On Tuesday, rupee fell below the 68-mark against the dollar in line with sharp outflow of funds by foreign portfolio investors from the Indian equities and debt markets that has accumulated to over Rs 32,000 crore in the last six weeks. While rupee gained some ground over the last two days and closed at 67.7 on Thursday, rising yields of US Treasury, expected surge in crude oil prices on account of geo-political developments are likely to sustain the fund outflow by FPIs and weakness in rupee in the near term.
On Thursday, FPIs sold equities worth a net of Rs 830 crore and since the beginning of April 2018 the net outflow from the Indian equity and debt markets amounted to Rs 32,668 crore. This has resulted in rupee falling by over 4 per cent since April 1, 2018.
While April saw a net out flow of Rs 15,587 crore – an outflow of Rs 5,552 from the equities and Rs 10,035 crore from the debt market; the pace of FPI outflow only accelerated in May. Till May 17, the net outflow stood at Rs 17,081 crore – outflow of Rs 4,418 crore from the equity markets and Rs 12,663 from the debt market. This has led to a sharp decline in rupee in the month of May when it fell from 66.6 in the beginning of the month to 68.08 on May 15.
By comparison, the first three months of calendar 2018 witnessed a net FPI inflow of Rs 13,239 crore into the Indian markets — Rs 14,013 crore into Indian equities and a net outflow of Rs 774 crore from Indian debt markets.
If the outflow of money is likely to continue, this will also keep a check on the movement in the equity market. On Thursday, the benchmark Sensex at the Bombay Stock Exchange fell 238 points or 0.67 per cent and has lost 386 points or 1.1 per cent this week.
Experts say that the sustained outflows by foreign funds is a major factor resulting in rupee depreciation. “The outflows in FPI are majorly on account of outflows in the debt segment on account of increased expectations of US rate hikes. The economy continued to witness foreign outflows in the month of April 2018 and May 2018, despite RBI enhancing the investment limits and relaxing the rules for foreign investors in terms of revising minimum residual maturity requirement and cap on aggregate FPI investments in central government securities,” said Madan Sabnavis, chief economist at Care Ratings.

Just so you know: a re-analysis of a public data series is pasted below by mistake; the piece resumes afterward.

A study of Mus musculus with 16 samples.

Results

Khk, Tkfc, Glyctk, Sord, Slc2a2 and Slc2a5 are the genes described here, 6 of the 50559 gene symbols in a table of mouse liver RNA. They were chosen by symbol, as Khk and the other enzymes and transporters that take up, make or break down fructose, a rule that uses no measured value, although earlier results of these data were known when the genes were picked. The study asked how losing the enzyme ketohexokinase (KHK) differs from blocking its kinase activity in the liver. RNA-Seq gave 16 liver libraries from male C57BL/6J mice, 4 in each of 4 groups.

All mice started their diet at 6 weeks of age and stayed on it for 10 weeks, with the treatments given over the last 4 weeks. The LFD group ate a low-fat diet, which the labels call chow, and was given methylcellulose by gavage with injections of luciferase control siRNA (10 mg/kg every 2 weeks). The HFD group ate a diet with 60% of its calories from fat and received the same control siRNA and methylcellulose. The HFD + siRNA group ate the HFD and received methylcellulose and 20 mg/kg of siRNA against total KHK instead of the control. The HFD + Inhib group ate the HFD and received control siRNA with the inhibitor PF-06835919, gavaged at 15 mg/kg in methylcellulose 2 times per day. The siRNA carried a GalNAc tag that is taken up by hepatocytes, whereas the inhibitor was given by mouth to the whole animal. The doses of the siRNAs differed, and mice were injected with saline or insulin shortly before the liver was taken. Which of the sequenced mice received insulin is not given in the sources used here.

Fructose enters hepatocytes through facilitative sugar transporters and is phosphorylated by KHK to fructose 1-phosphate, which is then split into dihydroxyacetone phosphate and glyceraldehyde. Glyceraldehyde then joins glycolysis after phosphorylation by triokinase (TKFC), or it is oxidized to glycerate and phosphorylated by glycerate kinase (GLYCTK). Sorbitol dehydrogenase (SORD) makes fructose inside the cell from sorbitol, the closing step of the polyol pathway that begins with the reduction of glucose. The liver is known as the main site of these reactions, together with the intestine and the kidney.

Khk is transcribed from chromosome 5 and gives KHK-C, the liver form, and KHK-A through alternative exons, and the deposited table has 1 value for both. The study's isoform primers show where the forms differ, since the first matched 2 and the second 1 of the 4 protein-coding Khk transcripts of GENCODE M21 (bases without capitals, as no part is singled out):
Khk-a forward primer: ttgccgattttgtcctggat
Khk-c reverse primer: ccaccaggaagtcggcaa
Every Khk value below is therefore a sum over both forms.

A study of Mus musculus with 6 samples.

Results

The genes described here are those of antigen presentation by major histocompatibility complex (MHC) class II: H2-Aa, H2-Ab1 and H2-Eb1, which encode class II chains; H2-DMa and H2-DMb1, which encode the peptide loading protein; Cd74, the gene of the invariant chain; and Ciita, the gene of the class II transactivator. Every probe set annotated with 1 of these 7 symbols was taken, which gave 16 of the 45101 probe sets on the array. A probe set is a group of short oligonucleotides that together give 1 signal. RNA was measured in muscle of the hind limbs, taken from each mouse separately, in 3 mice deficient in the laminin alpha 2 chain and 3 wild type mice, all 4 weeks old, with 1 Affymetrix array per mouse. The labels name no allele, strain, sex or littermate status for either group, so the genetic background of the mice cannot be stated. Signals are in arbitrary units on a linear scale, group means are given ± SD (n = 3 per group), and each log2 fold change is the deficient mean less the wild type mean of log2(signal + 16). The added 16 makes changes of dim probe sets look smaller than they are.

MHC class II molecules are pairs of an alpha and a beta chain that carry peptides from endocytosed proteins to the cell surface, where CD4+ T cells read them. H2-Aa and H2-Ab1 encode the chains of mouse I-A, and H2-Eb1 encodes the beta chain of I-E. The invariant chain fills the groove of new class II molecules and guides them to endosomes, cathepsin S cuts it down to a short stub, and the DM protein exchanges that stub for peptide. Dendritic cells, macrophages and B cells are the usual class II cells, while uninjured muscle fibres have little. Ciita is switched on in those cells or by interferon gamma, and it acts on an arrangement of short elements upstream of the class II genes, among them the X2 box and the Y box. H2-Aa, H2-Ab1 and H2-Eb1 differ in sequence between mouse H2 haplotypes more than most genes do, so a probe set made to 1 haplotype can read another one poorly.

However, rupee has not been the only loser this year as other emerging market currencies too have been under pressure on account of strengthening dollar. Between January 1 and May 16, while the rupee has lost 6.3 per cent against the dollar, the Brazilian Real and Russian Ruble have fallen by more than 11 and 8 per cent, respectively.
While the reversal in direction of fund flow began in March, it changed decisively in April in line with reports of better growth prospects in US, rise in treasury yields and concerns over current account deficit in India, following rise in crude oil prices. The fund outflow and a resultant depreciation of rupee against the dollar has caught importers by surprise and is having an impact on their business and earnings. Experts say that the situation is not expected to improve in the near future as the pressures on account of stregthening dollar, ruling high crude oil prices and concerns surrounding the current account deficit are likely to continue.